Did a Rabbi Permit Self-Mutilation To Promote 'Modesty'?
Ynet has a troubling story about a high-profile rabbi in Israel who gave advice to a young woman to cut her own legs in order to stay religious. The story, if it’s true, conflates male religious authority, extreme body cover and self-mutilation, and brings the discussions of the female body in Judaism to a whole new low. The problem is that this story may not be true, in which case instead of highlighting sexism in Orthodox Judaism, the story becomes an example of journalists’ sometimes overzealousness in their desire to attack religion by pretending to care about women. Especially given the recent history of media attitudes towards France’s burqa ban, the actions of certain journalists are no less troubling than those of religious leaders controlling the female body.
According to the article, written by a young Jerusalem journalist, Ari Galahar, for Yediot Ahranot’s Hebrew news site, Rabbi Yizhak Silberstein was asked to respond to a strange query from a young woman who was accepted to a religious academy despite her family’s non-religiousness. The young woman, struggling with the academy’s strict dress code of long skirts, long sleeves, and covered collarbones because her secular parents were supposedly pressuring her to dress in a more revealing way, asked Silberstein whether she could cut her legs, so that her parents would agree that she must wear a long skirt in order to cover the bruises. The rabbi reportedly responded, “She is permitted to cut herself in order to dress modestly, and thus to escape all sin.” He reportedly added that “the blood from the bruise will redeem all of Israel like the blood of the ritual sacrifices.”
Orthodox Judaism has issues with the female body, to put it mildly. In a culture defined by the degree to which women are kept silent and invisible, pressured to have as many babies and possible while maintaining the home and covering as much flesh as possible, this story could very well be true.
A community that promotes gender segregation in public and private to such an extreme that women who sit on the wrong side of the bus have been victims of violence is probably not immune to rabbinic recommendations that women inflict self-harm as well.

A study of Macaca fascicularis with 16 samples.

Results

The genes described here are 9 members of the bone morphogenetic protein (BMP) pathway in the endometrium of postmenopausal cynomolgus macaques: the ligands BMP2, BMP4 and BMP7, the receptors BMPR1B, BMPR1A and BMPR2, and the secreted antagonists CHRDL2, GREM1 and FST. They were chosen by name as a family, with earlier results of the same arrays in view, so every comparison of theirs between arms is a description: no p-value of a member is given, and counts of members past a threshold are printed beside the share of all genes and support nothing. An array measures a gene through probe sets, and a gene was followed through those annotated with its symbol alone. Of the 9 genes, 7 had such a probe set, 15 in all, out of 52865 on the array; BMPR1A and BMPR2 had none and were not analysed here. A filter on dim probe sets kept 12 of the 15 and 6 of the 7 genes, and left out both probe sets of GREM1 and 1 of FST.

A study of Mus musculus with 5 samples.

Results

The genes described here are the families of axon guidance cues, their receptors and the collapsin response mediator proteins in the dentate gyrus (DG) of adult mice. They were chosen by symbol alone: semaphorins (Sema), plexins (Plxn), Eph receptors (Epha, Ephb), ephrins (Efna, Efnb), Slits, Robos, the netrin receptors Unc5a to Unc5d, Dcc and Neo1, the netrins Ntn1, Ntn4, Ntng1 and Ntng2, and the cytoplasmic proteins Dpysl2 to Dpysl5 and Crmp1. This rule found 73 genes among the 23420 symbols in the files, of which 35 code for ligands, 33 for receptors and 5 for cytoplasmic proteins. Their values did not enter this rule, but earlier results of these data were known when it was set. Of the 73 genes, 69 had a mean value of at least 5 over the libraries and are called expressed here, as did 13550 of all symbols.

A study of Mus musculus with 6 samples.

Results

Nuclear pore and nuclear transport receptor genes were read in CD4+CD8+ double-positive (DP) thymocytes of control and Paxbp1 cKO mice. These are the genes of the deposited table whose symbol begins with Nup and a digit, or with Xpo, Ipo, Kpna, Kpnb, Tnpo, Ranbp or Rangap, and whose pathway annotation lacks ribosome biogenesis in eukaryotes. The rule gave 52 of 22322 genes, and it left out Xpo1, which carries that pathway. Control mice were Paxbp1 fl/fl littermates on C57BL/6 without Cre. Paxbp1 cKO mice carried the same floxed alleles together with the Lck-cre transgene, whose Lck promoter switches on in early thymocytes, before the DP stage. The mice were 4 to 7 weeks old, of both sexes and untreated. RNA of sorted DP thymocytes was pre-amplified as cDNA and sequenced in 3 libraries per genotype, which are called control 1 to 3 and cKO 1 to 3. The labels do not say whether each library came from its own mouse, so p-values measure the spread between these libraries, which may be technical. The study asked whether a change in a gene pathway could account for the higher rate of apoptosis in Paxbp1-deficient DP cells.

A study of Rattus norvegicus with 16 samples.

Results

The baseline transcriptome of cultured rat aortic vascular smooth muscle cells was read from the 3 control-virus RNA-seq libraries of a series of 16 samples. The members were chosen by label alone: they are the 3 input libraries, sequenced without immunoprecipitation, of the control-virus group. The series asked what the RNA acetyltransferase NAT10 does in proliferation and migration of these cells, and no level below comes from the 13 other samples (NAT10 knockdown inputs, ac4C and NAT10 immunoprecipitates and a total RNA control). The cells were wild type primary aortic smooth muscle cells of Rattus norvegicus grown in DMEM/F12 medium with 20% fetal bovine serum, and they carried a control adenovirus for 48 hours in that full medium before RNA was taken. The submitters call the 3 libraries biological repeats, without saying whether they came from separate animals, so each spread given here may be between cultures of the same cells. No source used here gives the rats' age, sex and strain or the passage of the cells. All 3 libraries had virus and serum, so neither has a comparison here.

But when I went to verify this story and get commentary on it, some funny things happened. I spoke to two different Orthodox rabbis who are known for working professionally with Orthodox girls who suffer from body-issue problems, eating disorders and the like. I expected to get from them explanations of why this kind of ruling is so damaging to girls’ self-concept, some insights about why an Orthodox girl might be thinking about self-injury — maybe some statistics about how prevalent this is in the community. Both rabbis, unbeknownst to one another, replied that they did not believe that this story is true. Both said that they know Rabbi Silberstein well, and that there is no way that he would make such a statement.
So I did what any good reporter would do. I went to try and verify the source. I tried several avenues to reach the rabbi or people who know him but was unable to gain access. Since Galahar is the only one who had this story, I went to him for some details. I asked him about the academy and the girl but he said he could not share any details. I respect the journalistic ethics, but I needed something, even basic information about how he knows this to be true. All he kept saying was, “Sorry, I can’t help you.”
His article, tellingly, does not contain any response from Rabbi Silberstein, anyone close to him, or anyone in the academy.
If the story is true — and it admittedly sounds like the kind of story you can’t make up — then this is a shame. I would have liked to use this column as an opportunity to talk about body image among Orthodox women and girls, about how the issue of self-mutilation needs to be addressed and about how far Orthodox culture is from understanding the impact of body control on girls’ inner lives. But instead, this story has made me wonder about the knee-jerk hatred of religion in the media.
So often, journalists jump on stories about religious mistreatment of women without necessarily caring about the women themselves. This is particularly jarring given the brouhaha over France’s burqa ban a few months ago, a ban that turned religious women into public spectacles and even criminals instead of punishing the male leaders who oppress them.
One can’t help but wonder how many writers actually know what women go through, and how many care.